The Conservation Evidence Project, in its own words; “summarises evidence from scientific literature and the effects of conservation interventions, such as methods of habitat or species management.”
The results are based on “conservation interventions” and questions whether they have worked. Thanks to this scientifically proven evidence we are able to provide you a sure fire guide to encouraging your garden bird population.
For example, your garden feeders should be placed in a location close to a hedge or in dense cover, some birds are incredibly shy and flighty, and therefore will be encouraged to feed in an area that is not in full view. Another study found that your garden feeder should be placed as far away from your house as possible. You should also ensure that your feeders aren’t located too close together, as some species might find the presence of another species nearby intimidating.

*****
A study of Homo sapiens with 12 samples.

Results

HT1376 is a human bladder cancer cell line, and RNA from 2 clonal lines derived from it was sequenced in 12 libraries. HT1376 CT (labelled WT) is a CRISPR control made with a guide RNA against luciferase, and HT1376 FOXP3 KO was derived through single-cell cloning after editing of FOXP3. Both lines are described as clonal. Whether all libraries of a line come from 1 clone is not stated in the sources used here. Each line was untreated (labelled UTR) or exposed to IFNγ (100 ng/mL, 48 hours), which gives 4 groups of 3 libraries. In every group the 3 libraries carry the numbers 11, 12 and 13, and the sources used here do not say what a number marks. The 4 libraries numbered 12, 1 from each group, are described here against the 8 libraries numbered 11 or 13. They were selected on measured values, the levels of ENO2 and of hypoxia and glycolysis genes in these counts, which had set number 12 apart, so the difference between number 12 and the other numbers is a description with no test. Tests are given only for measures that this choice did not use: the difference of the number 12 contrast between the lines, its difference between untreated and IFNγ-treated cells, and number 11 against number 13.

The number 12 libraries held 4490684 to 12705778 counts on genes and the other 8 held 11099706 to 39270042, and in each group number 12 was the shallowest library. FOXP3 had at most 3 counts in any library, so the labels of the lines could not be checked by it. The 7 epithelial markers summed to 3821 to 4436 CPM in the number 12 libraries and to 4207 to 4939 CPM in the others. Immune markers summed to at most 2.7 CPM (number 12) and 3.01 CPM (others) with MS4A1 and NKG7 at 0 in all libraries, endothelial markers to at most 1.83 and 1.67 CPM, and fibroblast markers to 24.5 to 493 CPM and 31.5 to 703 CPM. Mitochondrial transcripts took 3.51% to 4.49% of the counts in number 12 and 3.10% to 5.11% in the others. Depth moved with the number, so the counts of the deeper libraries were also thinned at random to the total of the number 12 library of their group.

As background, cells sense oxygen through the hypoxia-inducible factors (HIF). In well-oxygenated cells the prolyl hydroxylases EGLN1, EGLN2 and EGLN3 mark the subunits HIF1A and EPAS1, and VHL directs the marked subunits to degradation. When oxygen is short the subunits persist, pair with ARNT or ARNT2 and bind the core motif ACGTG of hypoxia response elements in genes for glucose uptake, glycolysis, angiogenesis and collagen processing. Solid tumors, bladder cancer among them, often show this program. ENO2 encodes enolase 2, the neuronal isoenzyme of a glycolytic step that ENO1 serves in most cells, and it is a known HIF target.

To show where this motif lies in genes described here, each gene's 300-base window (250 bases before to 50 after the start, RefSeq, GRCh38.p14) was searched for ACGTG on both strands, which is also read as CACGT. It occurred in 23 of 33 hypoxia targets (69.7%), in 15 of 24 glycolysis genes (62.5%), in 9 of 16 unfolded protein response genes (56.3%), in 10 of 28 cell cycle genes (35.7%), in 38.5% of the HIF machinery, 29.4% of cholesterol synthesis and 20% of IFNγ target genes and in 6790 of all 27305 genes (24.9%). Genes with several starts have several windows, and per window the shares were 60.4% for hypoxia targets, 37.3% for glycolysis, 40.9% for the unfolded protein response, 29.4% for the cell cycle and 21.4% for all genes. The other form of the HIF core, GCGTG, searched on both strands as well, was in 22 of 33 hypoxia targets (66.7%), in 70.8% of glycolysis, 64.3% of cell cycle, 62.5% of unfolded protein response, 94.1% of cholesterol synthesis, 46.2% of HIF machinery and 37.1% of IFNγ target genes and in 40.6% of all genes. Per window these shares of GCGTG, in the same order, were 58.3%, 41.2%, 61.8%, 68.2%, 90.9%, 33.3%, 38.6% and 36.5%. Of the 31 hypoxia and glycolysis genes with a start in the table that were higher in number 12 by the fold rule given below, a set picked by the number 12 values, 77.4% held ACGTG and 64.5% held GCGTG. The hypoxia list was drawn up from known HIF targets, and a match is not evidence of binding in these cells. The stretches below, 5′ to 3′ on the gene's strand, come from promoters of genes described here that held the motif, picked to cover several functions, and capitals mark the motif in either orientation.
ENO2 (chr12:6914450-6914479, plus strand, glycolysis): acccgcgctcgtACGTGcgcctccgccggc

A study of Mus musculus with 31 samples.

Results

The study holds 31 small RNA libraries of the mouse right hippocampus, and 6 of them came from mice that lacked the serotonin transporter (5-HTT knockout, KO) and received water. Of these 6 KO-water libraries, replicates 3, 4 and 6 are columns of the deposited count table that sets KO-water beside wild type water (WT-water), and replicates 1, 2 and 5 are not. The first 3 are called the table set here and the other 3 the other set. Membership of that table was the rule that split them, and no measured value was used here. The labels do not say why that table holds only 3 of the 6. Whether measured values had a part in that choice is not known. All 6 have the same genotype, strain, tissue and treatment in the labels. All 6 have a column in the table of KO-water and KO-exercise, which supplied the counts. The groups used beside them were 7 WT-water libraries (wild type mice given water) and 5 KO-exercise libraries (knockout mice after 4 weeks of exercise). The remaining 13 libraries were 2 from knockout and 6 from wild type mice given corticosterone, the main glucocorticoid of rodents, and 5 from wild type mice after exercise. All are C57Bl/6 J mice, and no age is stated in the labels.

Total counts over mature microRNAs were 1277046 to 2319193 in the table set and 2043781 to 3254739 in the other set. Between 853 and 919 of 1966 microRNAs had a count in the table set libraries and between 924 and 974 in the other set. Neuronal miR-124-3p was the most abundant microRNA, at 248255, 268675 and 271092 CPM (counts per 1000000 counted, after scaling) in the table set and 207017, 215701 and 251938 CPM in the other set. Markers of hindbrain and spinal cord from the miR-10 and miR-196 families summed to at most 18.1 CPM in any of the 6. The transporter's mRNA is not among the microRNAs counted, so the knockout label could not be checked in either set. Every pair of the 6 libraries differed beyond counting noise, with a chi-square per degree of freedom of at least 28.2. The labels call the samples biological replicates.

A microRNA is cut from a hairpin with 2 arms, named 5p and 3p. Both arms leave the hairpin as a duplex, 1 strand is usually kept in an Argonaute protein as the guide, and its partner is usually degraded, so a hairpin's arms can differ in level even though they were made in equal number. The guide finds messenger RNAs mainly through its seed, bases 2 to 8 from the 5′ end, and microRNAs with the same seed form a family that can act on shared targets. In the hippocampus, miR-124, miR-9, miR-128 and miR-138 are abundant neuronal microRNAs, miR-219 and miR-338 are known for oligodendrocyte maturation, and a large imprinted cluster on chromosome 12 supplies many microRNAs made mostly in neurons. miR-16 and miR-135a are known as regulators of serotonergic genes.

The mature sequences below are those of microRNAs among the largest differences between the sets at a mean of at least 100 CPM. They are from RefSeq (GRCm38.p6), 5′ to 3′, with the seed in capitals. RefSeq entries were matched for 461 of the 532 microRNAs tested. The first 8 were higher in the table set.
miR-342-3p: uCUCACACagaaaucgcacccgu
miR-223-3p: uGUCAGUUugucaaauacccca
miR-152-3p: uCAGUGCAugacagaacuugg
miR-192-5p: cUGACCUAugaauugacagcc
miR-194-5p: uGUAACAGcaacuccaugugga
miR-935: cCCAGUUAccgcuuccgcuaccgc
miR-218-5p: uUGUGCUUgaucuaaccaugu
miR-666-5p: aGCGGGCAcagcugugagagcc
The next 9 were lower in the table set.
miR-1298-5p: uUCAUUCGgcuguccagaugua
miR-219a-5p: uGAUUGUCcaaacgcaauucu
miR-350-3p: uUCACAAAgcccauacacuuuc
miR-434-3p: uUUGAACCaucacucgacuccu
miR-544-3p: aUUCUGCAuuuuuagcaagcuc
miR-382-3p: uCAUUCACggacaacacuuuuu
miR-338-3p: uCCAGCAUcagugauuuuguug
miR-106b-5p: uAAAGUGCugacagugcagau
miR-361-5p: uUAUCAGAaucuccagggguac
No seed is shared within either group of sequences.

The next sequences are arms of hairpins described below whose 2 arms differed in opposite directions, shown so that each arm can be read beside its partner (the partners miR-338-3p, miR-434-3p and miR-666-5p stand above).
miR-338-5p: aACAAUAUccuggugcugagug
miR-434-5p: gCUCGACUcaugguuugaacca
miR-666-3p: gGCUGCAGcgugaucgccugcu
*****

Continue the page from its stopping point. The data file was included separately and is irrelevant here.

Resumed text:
A British study has found that all species of garden birds actually prefer cereals such as wheat, oats and maize to the traditional seed based feed, although finches appear to be the exception to this rule. If you have more than one feeder, it might be wise to experiment and place seeds in one, and a mix of cereals in another. Mixing your feed with a high calcium based feed such as crushed oyster shells will encourage your birds to be fitter, healthier with an increased chance of successful breeding.
Remember, your garden birds will need most help in winter, so don’t forget to keep your feeders well stocked during the winter months. They can also provide a handy stop off for birds migrating north from Europe and Africa.
Finally, the issue of predators – what to do when a neighbour’s cat invades your garden and frightens the birds away? Potentially, there is a high tech solution – ultrasonic cat deterrents that emit a high pitched noise, audible only to cats. Results have been mixed so far, so no need to break the banks just yet. If it is your cat, then may we recommend a collar with a bell attached – it is a cheaper solution, and it will provide an early warning system for your feathered friends.